Cities in crisis: Rehousing the American Dream

By on Apr 16th

A couple of weeks ago I wrote about Anita Hill's reimagining of the American Dream through housing strategies in her book Reimagining Equality. This post furthers that discussion.


Photo courtesy Kevin Bauman.

I live in a Canadian border city. The population is about half a million, but the city is not urban. Rather it is a collection of suburbs with giant malls as the focal-points. Lots and houses are huge with one family per house; public transportation isn't efficient and people drive everywhere; big box chains are nearly the only options for groceries and other necessities. This is a scene that replicates throughout my country and throughout the United States, and one that a group of architects and designers at the Museum of Modern Art in NYC would like to change. Running now until August 13th is the exhibit "Foreclosed: Rehousing the American Dream."

The exhibit "is an exploration of new architectural possibilities for cities and suburbs in the aftermath of the recent foreclosure crisis" in an effort to "envision new housing and transportation infrastructures that could catalyze urban transformation, particularly in the country's suburbs." The basis of the project is The Buell Hypothesis:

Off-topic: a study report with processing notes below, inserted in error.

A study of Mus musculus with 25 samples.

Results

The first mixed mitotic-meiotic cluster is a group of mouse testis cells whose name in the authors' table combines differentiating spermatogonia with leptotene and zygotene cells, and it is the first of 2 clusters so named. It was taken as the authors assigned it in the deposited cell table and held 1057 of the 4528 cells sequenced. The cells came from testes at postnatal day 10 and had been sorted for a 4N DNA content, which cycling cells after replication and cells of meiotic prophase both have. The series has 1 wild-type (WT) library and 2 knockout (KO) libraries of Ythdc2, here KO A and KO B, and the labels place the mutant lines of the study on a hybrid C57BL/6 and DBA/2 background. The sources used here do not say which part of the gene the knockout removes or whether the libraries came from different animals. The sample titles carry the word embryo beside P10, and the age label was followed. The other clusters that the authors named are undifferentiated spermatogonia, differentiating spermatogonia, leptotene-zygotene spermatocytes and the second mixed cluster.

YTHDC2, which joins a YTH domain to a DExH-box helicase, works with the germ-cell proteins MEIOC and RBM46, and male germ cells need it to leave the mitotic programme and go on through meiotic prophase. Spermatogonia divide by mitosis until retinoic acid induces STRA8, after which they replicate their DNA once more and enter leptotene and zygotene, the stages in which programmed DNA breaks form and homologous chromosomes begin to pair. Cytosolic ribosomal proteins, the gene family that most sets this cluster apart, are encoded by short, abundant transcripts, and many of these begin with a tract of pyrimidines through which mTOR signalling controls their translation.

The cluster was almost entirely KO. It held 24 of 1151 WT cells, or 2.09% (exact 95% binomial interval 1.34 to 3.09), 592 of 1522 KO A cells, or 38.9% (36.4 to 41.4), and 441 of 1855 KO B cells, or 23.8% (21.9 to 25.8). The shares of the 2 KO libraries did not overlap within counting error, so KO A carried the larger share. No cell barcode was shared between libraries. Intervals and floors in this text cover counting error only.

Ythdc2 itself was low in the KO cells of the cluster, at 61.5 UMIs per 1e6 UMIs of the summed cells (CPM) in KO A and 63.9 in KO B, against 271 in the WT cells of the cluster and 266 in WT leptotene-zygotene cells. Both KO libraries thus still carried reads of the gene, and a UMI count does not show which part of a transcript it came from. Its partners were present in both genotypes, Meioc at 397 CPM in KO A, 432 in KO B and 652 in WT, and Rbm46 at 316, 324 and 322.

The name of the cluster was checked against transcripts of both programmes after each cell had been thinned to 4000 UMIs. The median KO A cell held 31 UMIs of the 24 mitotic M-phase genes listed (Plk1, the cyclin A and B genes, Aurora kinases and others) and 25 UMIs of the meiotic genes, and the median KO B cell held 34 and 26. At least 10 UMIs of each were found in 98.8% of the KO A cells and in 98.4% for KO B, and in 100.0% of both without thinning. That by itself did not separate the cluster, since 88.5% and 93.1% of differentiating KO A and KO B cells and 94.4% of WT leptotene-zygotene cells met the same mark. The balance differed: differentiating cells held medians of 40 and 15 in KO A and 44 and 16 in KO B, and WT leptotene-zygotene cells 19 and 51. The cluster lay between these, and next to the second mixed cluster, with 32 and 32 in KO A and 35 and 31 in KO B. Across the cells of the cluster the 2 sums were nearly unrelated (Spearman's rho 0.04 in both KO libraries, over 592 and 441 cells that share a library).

"Change the dream and you change the city. The private house and the city or suburb in which it is situated share a common destiny. Hence, if you change the narratives guiding suburban housing (such as that of the American Dream) and the priorities they imply — including spatial arrangements, ownership patterns, the balance between public and private interests, and the mixtures of activities and services that any town or city entails — then you begin the process of redirecting suburban sprawl."

These projects take hypothetical place in real communities around the United States — communities where houses and factories were hit hard by foreclosures. Born-again factories, gardening and green space, communal housing, and neighbourhood-centric amenities (as opposed to commercial and residential areas being segregated) are all brought to miniature life in the designs of the architects, designers, and social scientists at the exhibit. Rethinking housing by putting emphasis on green space, communal living, and work/living spaces becoming one in the same.

Rethinking suburbs as self-sufficient urbanized areas where work and life coexist in communal and environmentally-sustainable ways are the best use of the masses of land that have become unfeasible to support after the foreclosure crisis. The nuclear family of the bungalow house is no longer the American family, and with the change in American family must come a change in the American dream.

The best way to experience this exhibit (apart from visiting it) is by watching the videos on the MoMA website. Watch the models come to life with explanations from the designers and architects themselves.


Caroline is the Offbeat Copyeditor and Offbeat Home's Assistant Editor. She's an academic and a wannabe artist from Canada. She likes to dress in all black, has a severe case of wanderlust, and loves art and fashion. You can be her friend on twitter.